Homicides Move Across the River From Camden to Philadelphia
|Llewellyn Jones||Jun 26|
Camden, New Jersey has been designated a success story in recent years for transforming its police department and driving down crime. In 2012, the southern New Jersey city across the river from Philadelphia dissolved the local city police department in favor of oversight by the county police department with a newfound focus on community policing.
While relatively small, Camden had the highest murder rate on a per capita basis in the country at the time, and it spent 75 percent of its budget on the police and fire department.
A significant drop in homicides followed the police department overhaul, which had been at a relative peak in 2013 at 57. That number dropped by half in a handful of years.
But as Camden has been recognized for that improvement, its sister city across the Delaware River, Philadelphia, has seen a surge in homicides. In 2018, the city had the most homicides in at least a decade.
In total, between the two cities the total number of homicides hasn’t really changed in the last ten years. The total number of homicides for the greater Philadelphia area is about what it was seven years ago before the Camden police force was reinvented.
Federal Bureau of Investigation (F.B.I.) numbers for Burlington, Camden, and Gloucester Counties, which contains the city of Camden, list the same number of murders in 2017 as in 2010 (52). And despite all the general praise given to the revamped Camden police force, homicides appear to trending upward in the last year.
In 2013, near Camden’s peak in the homicide rate, F.B.I. numbers for Burlington, Camden, and Gloucester Counties list 86 murders. The Philadelphia-Camden-Wilmington area registered 426 for the same year. In total, 510.
For 2017, the two areas, which may overlap in reporting, recorded 52 and 496 homicides respectively, or 548 in total: a 7.4 percent increase since the Camden police department reform and the decline in the homicides for the city of Camden.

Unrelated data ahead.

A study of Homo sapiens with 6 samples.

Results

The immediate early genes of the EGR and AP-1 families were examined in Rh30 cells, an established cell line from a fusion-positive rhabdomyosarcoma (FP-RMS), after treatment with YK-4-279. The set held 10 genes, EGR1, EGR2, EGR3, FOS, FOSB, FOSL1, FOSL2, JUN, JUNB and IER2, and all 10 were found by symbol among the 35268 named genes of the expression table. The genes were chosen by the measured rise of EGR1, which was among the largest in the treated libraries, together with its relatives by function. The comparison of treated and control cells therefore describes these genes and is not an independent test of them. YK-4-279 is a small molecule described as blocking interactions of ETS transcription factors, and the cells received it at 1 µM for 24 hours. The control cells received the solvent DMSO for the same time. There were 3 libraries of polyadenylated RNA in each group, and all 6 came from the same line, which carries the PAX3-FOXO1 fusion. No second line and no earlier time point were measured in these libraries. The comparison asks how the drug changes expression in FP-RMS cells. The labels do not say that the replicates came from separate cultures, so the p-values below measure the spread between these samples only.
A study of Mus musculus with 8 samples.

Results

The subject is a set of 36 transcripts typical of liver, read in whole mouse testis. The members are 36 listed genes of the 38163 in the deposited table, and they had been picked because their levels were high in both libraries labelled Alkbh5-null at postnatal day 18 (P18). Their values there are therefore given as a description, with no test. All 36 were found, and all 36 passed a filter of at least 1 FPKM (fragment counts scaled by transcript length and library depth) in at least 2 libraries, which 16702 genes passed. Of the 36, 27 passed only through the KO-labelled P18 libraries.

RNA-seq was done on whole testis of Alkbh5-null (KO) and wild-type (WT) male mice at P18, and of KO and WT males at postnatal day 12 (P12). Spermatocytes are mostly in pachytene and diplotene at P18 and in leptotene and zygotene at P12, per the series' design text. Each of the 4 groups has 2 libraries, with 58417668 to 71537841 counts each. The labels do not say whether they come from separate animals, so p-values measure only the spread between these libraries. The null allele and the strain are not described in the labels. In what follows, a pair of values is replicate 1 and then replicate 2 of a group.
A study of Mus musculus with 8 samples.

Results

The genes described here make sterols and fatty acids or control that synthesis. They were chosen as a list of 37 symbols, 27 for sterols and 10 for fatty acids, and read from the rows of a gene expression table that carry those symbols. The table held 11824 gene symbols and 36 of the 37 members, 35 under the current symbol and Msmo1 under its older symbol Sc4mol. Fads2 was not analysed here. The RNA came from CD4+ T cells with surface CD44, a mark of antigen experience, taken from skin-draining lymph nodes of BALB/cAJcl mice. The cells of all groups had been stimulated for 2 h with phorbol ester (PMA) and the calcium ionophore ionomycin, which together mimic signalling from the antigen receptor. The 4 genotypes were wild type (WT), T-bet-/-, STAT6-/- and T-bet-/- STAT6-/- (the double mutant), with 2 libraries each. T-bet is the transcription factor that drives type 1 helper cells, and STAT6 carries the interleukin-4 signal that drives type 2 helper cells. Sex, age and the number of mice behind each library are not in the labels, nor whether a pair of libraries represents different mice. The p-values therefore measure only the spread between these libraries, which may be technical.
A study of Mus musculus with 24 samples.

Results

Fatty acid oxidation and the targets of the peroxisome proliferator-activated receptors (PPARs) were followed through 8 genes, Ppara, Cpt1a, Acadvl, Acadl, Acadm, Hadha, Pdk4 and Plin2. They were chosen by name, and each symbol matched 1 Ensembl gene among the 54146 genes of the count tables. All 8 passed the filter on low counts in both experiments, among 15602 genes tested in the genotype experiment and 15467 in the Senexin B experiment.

Other categories of crime—assault, robbery, property crime—are trending downward for Camden-area counties, but that’s also the case for Philadelphia and other major cities over the last few decades.
Recent data doesn’t provide a breakdown of crime for the city of Camden as it’s now reported at the county level ever since the department was reorganized.
Data from the F.B.I.’s Crime Data Explorer show a similar trend for the combined Philadelphia-Camden area. While homicides for Camden proper have declined, Philadelphia-area homicides are at a relative peak
Population Change or Redistribution
Camden may have also seen a large population exodus at the same time or a change in how its numbers were reported, or potentially both.
F.B.I. data list the Camden County population going from 1,268,710 in 2010 to 1,256,928 in 2017, a decline of almost 12,000 people in less than a decade.
In comparison, Philadelphia lists a population increase for the same time period, going from 6,027,122 in 2010 to 6,095,755, an increase of almost 69,000 people.
Separately, numbers from the U.S. Census show a sudden drop in the population of the city of Camden beginning in 2014, by over 4 percent (3,267), between 2012 to 2018.
The Popularity of Community Policing
Camden isn’t alone in its push for community policing. Other cities and politicians have pushed for the idea to alleviate social issues and stem animosity with the police.
In the wake of the death of George Floyd, Minneapolis recently voted to dismantle its police department in favor of a community policing model and presidential candidate Joe Biden supported community policing as part of his platform.